According to a former speechwriter who worked for President George W. Bush, Donald Trump is a godsend to not only Christian evangelicals, but to his hardcore racist right-winger base because they believe that he will hasten a form of the end times that will rid the world of the sin of liberalism.
Writing at the Washington Post, Michael Gerson — who has always worn his Christianity on his sleeve — first accused members of the Christian right of embracing Trump despite his multiple sins because he is battling what they consider a greater sin: liberalism.
“Rather than offering a vision of salvation, it has embraced a certain eschatology — a theory of the end times,” Gerson wrote. “The threat of liberalism, in this view, has become so dire that the wrong outcome of a presidential race could mean the end of U.S. civilization. One appalling defense of Trump dubbed 2016 the ‘Flight 93 election,’ on the theory that conservatives have but two choices: ‘charge the cockpit’ or ‘die’.”
According to Gerson, that notion is grotesque.
“There is much wrong with that metaphor, which employs a unifying symbol of American courage as the method to encourage tribal hatreds. That involves a type of desecration, comparable to spray-painting ‘MAGA’ on the Lincoln Memorial.” he explained. before noting a former Trump staffer accused liberals of “the ceaseless importation of Third World foreigners with no tradition of, taste for, or experience in liberty,” which he believes is ruining the country.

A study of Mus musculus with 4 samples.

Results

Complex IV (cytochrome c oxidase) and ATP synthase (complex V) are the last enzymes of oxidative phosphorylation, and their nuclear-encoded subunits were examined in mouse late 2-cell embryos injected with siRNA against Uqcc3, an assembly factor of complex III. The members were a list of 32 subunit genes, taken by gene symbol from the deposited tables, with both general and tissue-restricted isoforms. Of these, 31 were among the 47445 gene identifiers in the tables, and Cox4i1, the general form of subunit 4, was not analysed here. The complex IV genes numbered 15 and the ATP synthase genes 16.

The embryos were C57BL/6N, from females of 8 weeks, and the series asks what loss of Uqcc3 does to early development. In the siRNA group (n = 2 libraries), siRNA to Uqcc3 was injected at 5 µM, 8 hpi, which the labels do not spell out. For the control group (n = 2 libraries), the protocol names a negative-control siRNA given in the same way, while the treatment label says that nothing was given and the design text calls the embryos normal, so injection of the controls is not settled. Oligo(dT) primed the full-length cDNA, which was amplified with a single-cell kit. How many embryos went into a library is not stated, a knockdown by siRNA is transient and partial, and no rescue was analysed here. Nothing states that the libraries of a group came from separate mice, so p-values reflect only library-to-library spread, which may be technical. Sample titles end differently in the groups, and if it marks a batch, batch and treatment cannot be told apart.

“In this secularized eschatology, alarmism is combined with nativism. The Antichrist, apparently, will speak Spanish,” the conservative columnist wrote.
That led the conservative columnist to make the leap from the those who worship Jesus, to those who deify Trump.
“The appeal of Trump and his supporters is distinctive. It is used as a mental preparation for extreme measures. If the political world is really headed toward disaster, then the normal political tools — things such as civility, persuasion and governing skill — are outmoded.” Gerson suggested. “If it is really just minutes to midnight for America, then maybe the situation requires an abrasive outsider willing to fight fire with napalm. Desperation increases the appetite for political risk.”
“We are not in America’s political end times,” Gerson lectured. “And the country’s problems are not rooted in the ethnic makeup of its people. Our challenges — from government debt to educational failure — require reform, not revolution. And this cause is not served by the second coming of Trump.”